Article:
A strike by the UAW shuts down the only plant in the U.S. operated by a major supplier of the low-voltage batteries used by automakers and the aftermarket.
More than 500 members of Local 12 in Toledo, OH, walked off the job May 8 at the Clarios battery plant in Holland, OH, after they overwhelmingly rejected the company’s last contract proposal for employees, who make 12V and 48V batteries. The vote to turn down the proposed contract was nearly unanimous, according to union representatives.
Local 12 President Bruce Baumhower says the company's current proposal would cost workers money.
The plant outside Toledo manufactures about 150,000 batteries a week for customers including Ford and General Motors.
“Our Toledo facility opened in 1981 and today employs around 650 represented and salaried employees. Toledo is a key location for Clarios and has been a focus of recent investment as we anticipate our ability to competitively support growth and increased customer demand well into the future,” Clarios says in a statement.
“Negotiations have been ongoing since April. The contract expired April 19. Unfortunately, on April 27, our represented employees did not ratify the proposed agreement despite having the support of their bargaining committee,” the company says.
“We’ve been working in good faith to come up with an agreement. We remain optimistic as we’ve reached agreements with all of our unions during recent contract negotiations. Unfortunately, our first offer was not accepted, but we are dedicated to continuing good-faith negotiations to reach a contract that focuses on the future and supports our customers,” Clarios says.
Clarios spokesperson Zach Peterson says he can’t comment on shipments to customers, which cover a broad range of vehicle manufacturers from makers of heavy trucks to light vehicles as well as aftermarket outlets such as AutoZone. On its website, Clarios, which also operates plants in Mexico, Europe and China, notes one of every three vehicles around the world uses one of its batteries, which are sold under a variety of brand names.
“We continue on – our focus (is) on driving margin expansion through operational excellence and cost reduction discipline. To date, our team has achieved approximately 60% of the targeted $400 million of operational improvements in the business on a gross basis,” Clarios CEO Mark Wallace notes during a recent conference call with analysts.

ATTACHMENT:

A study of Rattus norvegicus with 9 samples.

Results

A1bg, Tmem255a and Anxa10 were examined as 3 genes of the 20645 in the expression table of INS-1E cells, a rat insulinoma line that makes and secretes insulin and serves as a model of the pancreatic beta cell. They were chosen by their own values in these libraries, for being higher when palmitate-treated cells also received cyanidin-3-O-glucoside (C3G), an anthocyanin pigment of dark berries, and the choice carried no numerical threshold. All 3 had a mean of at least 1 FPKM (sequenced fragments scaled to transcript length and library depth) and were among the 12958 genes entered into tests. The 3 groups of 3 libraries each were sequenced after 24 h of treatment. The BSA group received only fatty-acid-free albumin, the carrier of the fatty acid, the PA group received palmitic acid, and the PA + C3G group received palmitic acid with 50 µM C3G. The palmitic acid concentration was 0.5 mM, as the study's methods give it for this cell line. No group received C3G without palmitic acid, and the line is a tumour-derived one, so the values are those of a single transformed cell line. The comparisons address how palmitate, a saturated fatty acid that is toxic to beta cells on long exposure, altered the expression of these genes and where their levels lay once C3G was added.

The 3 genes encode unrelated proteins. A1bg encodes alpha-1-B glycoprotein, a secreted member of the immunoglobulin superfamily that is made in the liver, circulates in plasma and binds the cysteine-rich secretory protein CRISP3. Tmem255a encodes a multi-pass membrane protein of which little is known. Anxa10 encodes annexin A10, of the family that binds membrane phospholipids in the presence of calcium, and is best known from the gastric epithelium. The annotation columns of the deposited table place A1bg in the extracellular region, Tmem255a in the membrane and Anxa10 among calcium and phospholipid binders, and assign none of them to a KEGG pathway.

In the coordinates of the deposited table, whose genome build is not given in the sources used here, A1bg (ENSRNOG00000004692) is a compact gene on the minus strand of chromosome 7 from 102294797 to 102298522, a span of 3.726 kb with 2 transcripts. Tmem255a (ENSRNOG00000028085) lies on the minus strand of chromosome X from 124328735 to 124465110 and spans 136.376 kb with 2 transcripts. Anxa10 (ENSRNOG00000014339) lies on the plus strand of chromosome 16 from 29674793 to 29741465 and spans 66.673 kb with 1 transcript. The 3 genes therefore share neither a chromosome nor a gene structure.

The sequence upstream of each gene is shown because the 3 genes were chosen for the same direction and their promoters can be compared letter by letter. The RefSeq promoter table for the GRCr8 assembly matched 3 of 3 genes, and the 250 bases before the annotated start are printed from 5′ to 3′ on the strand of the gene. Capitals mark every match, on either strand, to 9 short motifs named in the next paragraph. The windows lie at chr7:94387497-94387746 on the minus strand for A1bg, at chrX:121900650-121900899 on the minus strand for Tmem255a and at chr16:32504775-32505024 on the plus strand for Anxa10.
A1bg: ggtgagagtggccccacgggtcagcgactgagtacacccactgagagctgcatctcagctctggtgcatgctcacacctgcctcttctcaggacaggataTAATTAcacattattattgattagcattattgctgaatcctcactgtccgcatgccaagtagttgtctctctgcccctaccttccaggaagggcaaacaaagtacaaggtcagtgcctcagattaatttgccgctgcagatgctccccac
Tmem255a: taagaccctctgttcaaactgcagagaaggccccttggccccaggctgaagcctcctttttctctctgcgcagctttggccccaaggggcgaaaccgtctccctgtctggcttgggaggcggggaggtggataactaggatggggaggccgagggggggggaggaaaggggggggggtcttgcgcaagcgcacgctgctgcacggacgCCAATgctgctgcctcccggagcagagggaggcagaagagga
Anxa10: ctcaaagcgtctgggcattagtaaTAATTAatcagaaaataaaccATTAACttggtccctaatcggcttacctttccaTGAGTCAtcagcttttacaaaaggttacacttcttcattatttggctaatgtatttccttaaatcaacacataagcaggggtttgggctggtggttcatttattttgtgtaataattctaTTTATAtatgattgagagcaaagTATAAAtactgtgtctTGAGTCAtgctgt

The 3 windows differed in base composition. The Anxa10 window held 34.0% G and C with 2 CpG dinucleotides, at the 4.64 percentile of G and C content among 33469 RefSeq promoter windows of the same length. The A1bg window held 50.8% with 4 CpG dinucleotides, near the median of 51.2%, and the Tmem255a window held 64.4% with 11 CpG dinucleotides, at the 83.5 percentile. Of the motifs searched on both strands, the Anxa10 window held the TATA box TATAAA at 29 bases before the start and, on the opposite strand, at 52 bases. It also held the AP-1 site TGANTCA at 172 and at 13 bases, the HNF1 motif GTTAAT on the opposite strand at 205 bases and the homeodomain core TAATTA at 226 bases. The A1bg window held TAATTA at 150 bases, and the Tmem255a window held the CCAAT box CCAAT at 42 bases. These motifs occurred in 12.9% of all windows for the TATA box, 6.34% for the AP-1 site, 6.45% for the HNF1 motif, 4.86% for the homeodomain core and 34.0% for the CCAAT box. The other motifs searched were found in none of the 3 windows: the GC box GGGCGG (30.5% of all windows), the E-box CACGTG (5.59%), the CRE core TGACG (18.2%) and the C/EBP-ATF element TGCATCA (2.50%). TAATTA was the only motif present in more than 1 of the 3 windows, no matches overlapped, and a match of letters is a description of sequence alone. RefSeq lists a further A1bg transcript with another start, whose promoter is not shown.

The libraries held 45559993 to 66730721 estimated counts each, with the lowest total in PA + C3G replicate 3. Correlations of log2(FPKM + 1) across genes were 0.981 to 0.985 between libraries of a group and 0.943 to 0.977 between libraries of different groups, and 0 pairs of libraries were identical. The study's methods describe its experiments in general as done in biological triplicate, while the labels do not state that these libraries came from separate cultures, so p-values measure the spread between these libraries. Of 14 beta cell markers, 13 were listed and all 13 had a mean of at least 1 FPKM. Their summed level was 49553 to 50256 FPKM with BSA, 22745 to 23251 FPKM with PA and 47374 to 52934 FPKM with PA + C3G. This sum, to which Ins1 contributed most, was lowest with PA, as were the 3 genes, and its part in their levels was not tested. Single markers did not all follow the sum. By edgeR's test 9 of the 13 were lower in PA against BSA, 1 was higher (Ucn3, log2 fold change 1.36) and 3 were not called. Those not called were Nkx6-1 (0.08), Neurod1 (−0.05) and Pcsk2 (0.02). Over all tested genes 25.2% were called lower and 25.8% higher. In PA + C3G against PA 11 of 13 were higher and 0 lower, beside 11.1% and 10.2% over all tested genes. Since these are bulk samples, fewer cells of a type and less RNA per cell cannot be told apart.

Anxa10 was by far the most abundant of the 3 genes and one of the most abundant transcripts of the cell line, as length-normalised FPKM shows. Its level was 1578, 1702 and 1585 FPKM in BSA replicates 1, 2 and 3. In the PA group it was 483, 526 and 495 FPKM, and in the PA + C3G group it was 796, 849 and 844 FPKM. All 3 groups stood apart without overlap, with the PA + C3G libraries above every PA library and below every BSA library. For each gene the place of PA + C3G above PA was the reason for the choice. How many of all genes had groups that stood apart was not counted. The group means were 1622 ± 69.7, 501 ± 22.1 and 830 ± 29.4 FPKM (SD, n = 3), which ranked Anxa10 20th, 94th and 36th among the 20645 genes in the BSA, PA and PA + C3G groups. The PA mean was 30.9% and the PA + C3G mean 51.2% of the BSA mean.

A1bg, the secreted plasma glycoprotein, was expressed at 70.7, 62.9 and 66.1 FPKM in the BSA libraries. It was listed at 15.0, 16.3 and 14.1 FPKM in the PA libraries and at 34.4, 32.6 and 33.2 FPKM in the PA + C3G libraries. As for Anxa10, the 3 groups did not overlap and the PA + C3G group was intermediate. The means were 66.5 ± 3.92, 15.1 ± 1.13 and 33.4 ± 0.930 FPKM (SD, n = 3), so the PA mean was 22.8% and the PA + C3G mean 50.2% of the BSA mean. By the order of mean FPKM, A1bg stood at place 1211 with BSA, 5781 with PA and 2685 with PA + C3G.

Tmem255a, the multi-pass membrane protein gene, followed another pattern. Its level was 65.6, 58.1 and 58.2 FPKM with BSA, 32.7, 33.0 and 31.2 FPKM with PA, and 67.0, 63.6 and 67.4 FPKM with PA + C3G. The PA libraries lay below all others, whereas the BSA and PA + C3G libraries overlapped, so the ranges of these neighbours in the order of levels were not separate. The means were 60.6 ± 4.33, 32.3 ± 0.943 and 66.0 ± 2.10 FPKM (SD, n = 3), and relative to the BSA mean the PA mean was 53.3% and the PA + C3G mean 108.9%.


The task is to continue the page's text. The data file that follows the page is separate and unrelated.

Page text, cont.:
“This year, we are tracking to achieve an additional $50 million in cost savings driven largely by the enhancements of our U.S. operations as we realize the benefit of investments in automation and the optimization of transportation, supply chain and overhead cost to drive performance and productivity,” he adds.
The union, however, is saying the savings will not be realized by cutting wages and benefits.
The strike at the Clarios plant could serve as an early test for Shawn Fain, the UAW’s new president, who has promised the union would rejoin “the fight” for better wages and working conditions for working-class Americans.
Fain has said the UAW would not fall in line with an endorsement of President Joe Biden in his 2024 re-election bid. Fain says Democrat Biden, who has enjoyed union support throughout his long political career, which reaches back into the 1970s, must provide more support for union members and the UAW in the transition to electric vehicles.
“Your elected leadership on the International Executive Board are united and hard at work implementing the changes we believe are needed to transform our union back into a fighting organization. But it’s going to take all of us to get back in the fight,” says Fain.